POSTED BY vnation editor | Mar, 30, 2018

If you travel back in time to the early ages, you find tribes. Almost everyone belonged to a tribe. They worked for the common good. It’s still encoded in our genes. The only change being tribes are now called communities. You are part of different communities. You are an iPhone/Android fan, you may belong to a religious or an atheist community.

Wikipedia/Linux/Bitcoin/Ethereum were built by communities. Even profit organisations take community building seriously. Go to support forums of Apple/Google, your questions are answered by people like you and me. Communities are at the heart of every organisation. Communities played a major role in building the internet we have now.

In order to motivate people and improve the quality of contributions communities incorporated gamification. Points, badges, titles, etc were given. Loyalty points, top writer on Medium, most viewed writer on Quora are some example. These, however, hold no monetary value. It may have a social value. That depends on people, a few might recognise it.

Open Source contributors are hardly compensated for their work. Some put a buy me a coffee page. If it’s a bigger organisation they give support to enterprises in order to make revenue .

Almost a year ago, I was part of Stanford crowd research. The mission of the community was to explain complex research papers in simple terms. In other words, making research accessible to all. There were a lot of perks for participating in the program. You get to network with similar minded people. You have direct access to people who work at Stanford. They will help you with a recommendation letter when you want to apply for college. Even a chance to co-author a research paper with them. We were part of a slack channel. When you make contributions community members rewarded you with points.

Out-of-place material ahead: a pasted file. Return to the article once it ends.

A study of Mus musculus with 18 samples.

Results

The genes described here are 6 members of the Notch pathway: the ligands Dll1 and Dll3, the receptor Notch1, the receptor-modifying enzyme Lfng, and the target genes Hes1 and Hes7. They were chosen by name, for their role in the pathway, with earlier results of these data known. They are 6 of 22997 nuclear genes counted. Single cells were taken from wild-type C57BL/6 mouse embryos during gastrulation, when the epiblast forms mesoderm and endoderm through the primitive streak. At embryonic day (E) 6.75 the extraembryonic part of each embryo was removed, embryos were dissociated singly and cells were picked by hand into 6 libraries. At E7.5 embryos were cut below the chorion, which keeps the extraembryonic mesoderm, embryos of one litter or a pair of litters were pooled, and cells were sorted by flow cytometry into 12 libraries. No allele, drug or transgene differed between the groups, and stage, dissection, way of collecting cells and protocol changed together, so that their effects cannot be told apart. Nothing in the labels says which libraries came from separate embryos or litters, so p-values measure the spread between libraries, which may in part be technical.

Some would have benefited from these perks. But, it wouldn’t benefit me much. I left college long back and I am not very keen on writing a research paper. What if I could trade my points with someone? Of course, they can’t co-author a paper or give a recommendation to someone they don’t know. However, a Skype session or few hours of consultation seems fair. Earn allows you to contact VCs, CEOs, Blockchain Influencers, Go/HTML/Javascript Programmers for $5–$100.

Communities can create their own tokens with Ethereum. For eg, the Kubernetes project by Linux Foundation can create a token called HLG. They can code a smart contract in the open Blockchain. That is if a developers pull request is accepted issue him 10 HLG tokens. Now the developer can use these tokens for a consultation with a senior Linux engineer. Or he can exchange the token in a token exchange for an SCR token from Stanford Crowd Research. In order to get an hour of consultancy from a Stanford lecturer. I hope you get the idea. People can even cash our their tokens. Earn is working on similar lines. This doesn’t have to be restricted to open source communities. Any online communities can incorporate tokens into their system. This will incentivise community contributors for their hard work.

Source and more info

  • Pierre Morand

    Would not it be better to create a virtual world away from the competition instead of creating platforms where the people compete for points, badges, titles etc. as in the real world?